The 51st State (2001)
“Have a Nice Trip”
Director: Ronny Yu
Cast: Samuel L. Jackson, Robert Carlyle, Emily Mortimer
Synopsis: An American master chemist plans to score big on a once in a lifetime drug deal. All does not go as planned and he is soon entangled in a web of deceit.
Sometimes, there’s a reason why people who spend years toiling over a movie screenplay while working in a menial job have their labour of love thrown back in their face by everyone they send it to. It’s a very good reason, and it’s the one why The 51st State should never have been made. We all know what that reason is, so there’s really no need for me to spell it out here, but I will say that The 51st State serves as a useful lesson in what happens when the key players involved in the making of a movie lack any form of discipline. Because this is one major mess of a movie, with direction that’s every bit as chaotic as its script.
Samuel L. Jackson in full on mean, ranting mother***ker mode, plays Elmo McElroy, a promising chemistry graduate whose career ascendancy took a U-turn when he was busted for possession on the day he graduated. Now, thirty years later, Elmo’s the foremost chemist of illicit narcotics who has just perfected a little blue pill that is ‘51 times stronger than cocaine, 51 times more hallucinogenic than acid, and 51 times more explosive than ecstasy.’ Now that sounds to me like one of those drugs you’ll only ever try once because you’ll be incapable of breathing unaided after taking it, but drugs baron The Lizard (Meat Loaf — one of the few enjoyable aspects of the movie) sees a market for it. At a meeting to sell this new product to fellow drugs barons, Elmo blows up all attendees so that he can flee the country without being pursued. Unfortunately for Elmo, Lizard was sitting on a loose floorboard which sent his chair plummeting to the floor below when the explosion occurred, leaving him unharmed and thirsty for revenge.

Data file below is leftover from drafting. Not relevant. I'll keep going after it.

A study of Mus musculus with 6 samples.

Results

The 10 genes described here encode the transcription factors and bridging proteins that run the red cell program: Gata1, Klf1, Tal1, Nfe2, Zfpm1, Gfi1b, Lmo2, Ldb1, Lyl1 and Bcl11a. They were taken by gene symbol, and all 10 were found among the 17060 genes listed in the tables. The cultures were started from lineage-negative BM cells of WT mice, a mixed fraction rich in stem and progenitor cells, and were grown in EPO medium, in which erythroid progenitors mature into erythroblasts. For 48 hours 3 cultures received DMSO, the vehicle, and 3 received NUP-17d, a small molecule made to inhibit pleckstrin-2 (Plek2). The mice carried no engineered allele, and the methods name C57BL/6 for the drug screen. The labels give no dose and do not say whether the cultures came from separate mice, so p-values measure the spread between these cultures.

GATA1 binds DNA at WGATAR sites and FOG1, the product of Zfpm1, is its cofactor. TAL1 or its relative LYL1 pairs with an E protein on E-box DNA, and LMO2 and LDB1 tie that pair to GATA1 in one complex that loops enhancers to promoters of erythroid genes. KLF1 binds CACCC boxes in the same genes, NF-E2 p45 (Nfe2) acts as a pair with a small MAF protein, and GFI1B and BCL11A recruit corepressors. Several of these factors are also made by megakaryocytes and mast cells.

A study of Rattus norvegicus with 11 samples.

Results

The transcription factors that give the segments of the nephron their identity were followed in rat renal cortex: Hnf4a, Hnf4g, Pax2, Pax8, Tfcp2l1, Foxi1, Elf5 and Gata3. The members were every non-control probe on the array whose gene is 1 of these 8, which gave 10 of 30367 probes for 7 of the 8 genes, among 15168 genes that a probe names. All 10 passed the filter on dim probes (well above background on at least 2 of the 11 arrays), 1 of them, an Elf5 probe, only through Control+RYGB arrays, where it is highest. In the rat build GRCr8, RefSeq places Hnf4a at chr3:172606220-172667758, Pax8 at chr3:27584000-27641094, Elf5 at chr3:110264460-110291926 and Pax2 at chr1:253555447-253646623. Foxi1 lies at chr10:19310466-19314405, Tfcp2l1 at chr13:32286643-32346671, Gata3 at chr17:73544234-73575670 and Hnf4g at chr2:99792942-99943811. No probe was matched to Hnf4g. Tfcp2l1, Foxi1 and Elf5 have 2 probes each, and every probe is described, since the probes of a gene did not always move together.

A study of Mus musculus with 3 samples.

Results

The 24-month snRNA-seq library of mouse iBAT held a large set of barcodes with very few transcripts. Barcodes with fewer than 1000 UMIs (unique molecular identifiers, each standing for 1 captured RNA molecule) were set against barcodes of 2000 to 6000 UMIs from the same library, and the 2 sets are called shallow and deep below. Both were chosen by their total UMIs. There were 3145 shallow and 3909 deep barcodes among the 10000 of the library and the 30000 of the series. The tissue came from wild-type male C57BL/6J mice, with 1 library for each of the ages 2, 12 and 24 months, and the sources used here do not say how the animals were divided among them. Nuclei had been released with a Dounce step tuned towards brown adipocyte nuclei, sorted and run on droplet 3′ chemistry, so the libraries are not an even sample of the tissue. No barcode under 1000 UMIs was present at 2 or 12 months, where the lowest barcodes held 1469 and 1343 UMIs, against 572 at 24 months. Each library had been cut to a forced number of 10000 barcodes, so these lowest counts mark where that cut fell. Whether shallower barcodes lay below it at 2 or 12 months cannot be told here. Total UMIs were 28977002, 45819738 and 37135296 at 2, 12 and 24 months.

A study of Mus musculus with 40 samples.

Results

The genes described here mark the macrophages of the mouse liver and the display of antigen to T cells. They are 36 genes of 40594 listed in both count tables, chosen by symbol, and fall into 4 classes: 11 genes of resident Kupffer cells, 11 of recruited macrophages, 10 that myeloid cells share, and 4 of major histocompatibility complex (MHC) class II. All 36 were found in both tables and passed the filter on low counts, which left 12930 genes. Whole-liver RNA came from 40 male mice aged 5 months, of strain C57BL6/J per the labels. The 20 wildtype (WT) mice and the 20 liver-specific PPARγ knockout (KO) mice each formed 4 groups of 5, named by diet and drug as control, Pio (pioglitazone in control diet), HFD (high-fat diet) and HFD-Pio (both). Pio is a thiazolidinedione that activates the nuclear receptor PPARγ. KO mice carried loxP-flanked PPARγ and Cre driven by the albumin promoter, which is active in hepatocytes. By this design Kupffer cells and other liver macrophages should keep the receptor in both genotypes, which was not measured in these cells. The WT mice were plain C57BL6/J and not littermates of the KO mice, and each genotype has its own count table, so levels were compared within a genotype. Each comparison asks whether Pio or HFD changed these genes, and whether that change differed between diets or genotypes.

Lizard instructs British hitwoman Dakota (Emily Mortimer) to follow Elmo to Liverpool in Britain and kill him, in return for which he will wipe clean their slate. But Liverpool is Dakota’s home town and she has a history with small-time gangster Felix DeSouza (Robert Carlyle), who just happens to be working for the drugs dealer to whom Elmo is negotiating to sell the formula for his wonder drug.
Chinese director Ronnie Yu makes the ill-advised decision to follow the Lock, Stock route of film-making, a decision which merely serves to emphasise just how far short The 51st State falls from the heights reached by Guy Ritchie’s gangster opus. Where Lock, Stock’s energy was invigorating, The 51st States is merely tiresome and annoying. All its characters are self-consciously manic or edgy or cool and not one of them comes across as authentic. Robert Carlyle does his best in the thankless role of Felix, a loud-mouthed scab of a man who, to make matters worse, is a rabid Liverpool fan, but there’s little he can do with such a broadly written role. Emily Mortimer as his love interest is not only woefully miscast, she goes through the entire movie as if she’s painfully aware of the fact and terrified that she will be thrown off the set at any moment.
If you think the image of a gang of skinheads rolling around in agony after ingesting drugs that have caused them to graphically void their bowels is something to laugh at then no doubt The 51st State is the movie for you. For anyone over the age (mental or actual) of 12, this is one to avoid.